In 2011, before Luxembourg had fully embraced its identity as a startup hub, lux future lab was just an idea floating around the offices of BGL BNP Paribas. Over the past five years, it has generated roughly 400 new jobs and housed over 50 groundbreaking tech startups. While the lab has firmly established itself as an incubator and support system for entrepreneurs and early-stage startups, it seeks to continuously build upon the quality and range of its services. Lux future lab’s new Head Olivier Selis commentates from the front line, sharing how he and his team plan to strengthen the lab, not only as an incubator, but as an accelerator.
(Featured Image: Head Olivier Selis talks acceleration & operating like a startup / Image Credit © Silicon Luxembourg)
What makes lux future lab different from other incubators?

The lab is a private but not-for-profit initiative. I think this is what makes it special, and its role is well understood within the ecosystem. We can work with private and public initiatives with no profit in mind. There isn’t another private initiative like the lab in Luxembourg today.

“We want to stay diverse & international in every sense, from the sectors our startups represent to the nationalities of our entrepreneurs.”

With BNP Paribas, we’re part of a huge group that is present in all cities where a startup would want to go. We have support from the bank, but run autonomously. This lean approach, which once seemed challenging, is now one of our biggest assets, allowing us to stay nimble & adapt to the changing needs of startups.

What is lux future lab’s niche in the ecosystem?

We want to stay diverse & international in every sense, from the sectors our startups represent to the nationalities of our entrepreneurs. We don’t want to focus solely on fintech. It’s important to support other areas too. Digital transformation affects all sectors, so these startups will eventually impact banking anyway.

We don’t have the resources to help very early-stage projects, but we would eventually like to develop these solutions with partners. For now, we serve startups from all sectors that have an MVP or are just starting to go to market and want to attract initial clients and develop their businesses.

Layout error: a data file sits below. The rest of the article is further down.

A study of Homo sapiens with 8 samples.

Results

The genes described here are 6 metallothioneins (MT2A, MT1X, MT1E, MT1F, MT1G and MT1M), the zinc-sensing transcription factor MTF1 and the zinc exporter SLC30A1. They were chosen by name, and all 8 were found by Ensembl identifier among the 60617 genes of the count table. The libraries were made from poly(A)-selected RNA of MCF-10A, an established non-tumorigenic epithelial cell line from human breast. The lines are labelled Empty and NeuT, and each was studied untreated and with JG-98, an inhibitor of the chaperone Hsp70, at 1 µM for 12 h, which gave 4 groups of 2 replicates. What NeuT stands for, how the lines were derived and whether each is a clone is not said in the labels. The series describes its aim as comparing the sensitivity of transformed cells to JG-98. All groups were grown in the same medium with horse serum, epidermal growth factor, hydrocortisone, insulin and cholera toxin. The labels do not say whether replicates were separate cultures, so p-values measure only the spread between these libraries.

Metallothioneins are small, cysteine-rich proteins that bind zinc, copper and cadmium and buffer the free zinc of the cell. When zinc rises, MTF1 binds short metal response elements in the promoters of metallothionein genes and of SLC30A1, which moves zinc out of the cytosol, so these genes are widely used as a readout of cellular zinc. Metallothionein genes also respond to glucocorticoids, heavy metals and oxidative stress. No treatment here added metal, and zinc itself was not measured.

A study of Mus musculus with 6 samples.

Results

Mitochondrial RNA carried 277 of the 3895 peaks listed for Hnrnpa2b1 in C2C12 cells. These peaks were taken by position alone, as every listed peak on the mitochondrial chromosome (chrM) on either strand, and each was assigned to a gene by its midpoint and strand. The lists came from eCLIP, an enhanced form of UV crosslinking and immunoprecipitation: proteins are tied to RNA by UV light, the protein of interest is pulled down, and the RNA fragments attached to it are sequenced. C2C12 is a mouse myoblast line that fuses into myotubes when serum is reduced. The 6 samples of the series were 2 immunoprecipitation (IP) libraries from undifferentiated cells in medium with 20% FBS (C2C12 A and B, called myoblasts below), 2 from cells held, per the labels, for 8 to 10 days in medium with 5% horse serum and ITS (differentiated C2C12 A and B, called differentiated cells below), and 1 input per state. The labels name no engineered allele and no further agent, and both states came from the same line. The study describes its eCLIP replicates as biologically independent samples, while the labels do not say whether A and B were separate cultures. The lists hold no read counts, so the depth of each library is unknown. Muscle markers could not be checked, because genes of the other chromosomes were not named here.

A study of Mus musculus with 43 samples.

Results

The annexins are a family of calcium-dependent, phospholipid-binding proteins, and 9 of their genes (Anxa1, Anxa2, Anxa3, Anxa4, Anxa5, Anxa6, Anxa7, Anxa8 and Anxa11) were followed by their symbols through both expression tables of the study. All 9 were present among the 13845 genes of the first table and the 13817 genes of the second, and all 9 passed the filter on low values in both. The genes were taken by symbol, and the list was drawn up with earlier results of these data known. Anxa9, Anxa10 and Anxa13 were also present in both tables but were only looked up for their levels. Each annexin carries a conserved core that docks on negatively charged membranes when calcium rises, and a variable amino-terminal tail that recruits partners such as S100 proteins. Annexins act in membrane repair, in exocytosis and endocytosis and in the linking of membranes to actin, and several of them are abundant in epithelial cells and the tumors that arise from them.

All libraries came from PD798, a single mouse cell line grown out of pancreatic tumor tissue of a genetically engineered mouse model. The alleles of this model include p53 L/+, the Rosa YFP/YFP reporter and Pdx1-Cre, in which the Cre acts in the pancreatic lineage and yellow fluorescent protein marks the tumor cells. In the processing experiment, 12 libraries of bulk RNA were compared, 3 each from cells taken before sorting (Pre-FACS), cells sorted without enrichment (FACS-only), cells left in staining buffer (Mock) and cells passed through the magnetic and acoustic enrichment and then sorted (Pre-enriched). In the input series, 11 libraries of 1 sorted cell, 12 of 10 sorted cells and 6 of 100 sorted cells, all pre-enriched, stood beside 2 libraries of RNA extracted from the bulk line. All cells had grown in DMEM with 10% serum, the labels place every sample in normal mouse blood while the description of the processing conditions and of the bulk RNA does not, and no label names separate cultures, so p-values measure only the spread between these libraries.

As the new lab Head, what is your strategy?

All of the success factors are here and everything is working pretty well, so I don’t want to completely transform something that’s not broken. However, there are some areas we can develop.

I’d like to refocus our energy on funding because it’s still an issue for startups despite the various initiatives out there, like Fit 4 Start and the Digital Tech Fund. We’ll continue building upon our current partnerships, for example with the European Business Angel’s Network (EBAN). We already held a Business Angels Day that received positive feedback, so we’ll do that again.

I’d also like to see us work more closely with the bank, the bankers specifically. With our support and an understanding of the lab, these bankers can be our link to clients who are interested in investing in startups, helping drive money from the usual investments. This request is not one sided: clients want it too! It’s important to them that we’re involved in the ecosystem.

“We’ve established ourselves as an incubator. Now I would like to see us become more active on the acceleration side.”

Consequently, increased access to funding opportunities presents the need for complementary training: pitching practice, fundraising workshops and valuation support.

Any plans to alter the programs you offer?

A 2018 relaunch of the intrapreneurship program for employees is on the list. Previously, the program had a set structure, but this new installment will be flexible, catering to the individual needs of each startup and accepting applicants on an ongoing basis.

We’ve established ourselves as an incubator. Now I would like to see us become more active on the acceleration side. A four-month initial acceleration program for new lab members would help direct them down the right path and set a fast pace from the start.

Besides funding, recruitment and access to talent can also be problematic for startups. So, in collaboration with BGL BNP Paribas Human Resources department, we have introduced a skill-sharing program to alleviate the recruitment demands that startups face. Lab members have the opportunity to send profiles of the candidates they need to help with specific projects. Interested BGL employees with the relevant skills will then be assigned to that startup project for a period of up to six months. It’s an ideal solution: startups will receive support at no cost, and employees will be exposed to the startup world. This is a one-of-a-kind offer in Luxembourg.

The country’s momentum, when it comes to startups, is something that we should leverage together as an ecosystem. We plan to do everything we can to help transform Luxembourg into a true Startup Nation, one where that entrepreneurial spirit seeps into every area of our education system, legislation & investment decisions.

This article was first published in the Autumn 2017 issue of SILICON magazine. Be the first to read SILICON articles on paper before they’re posted online, plus read exclusive features and interviews that only appear in the print edition, by subscribing online.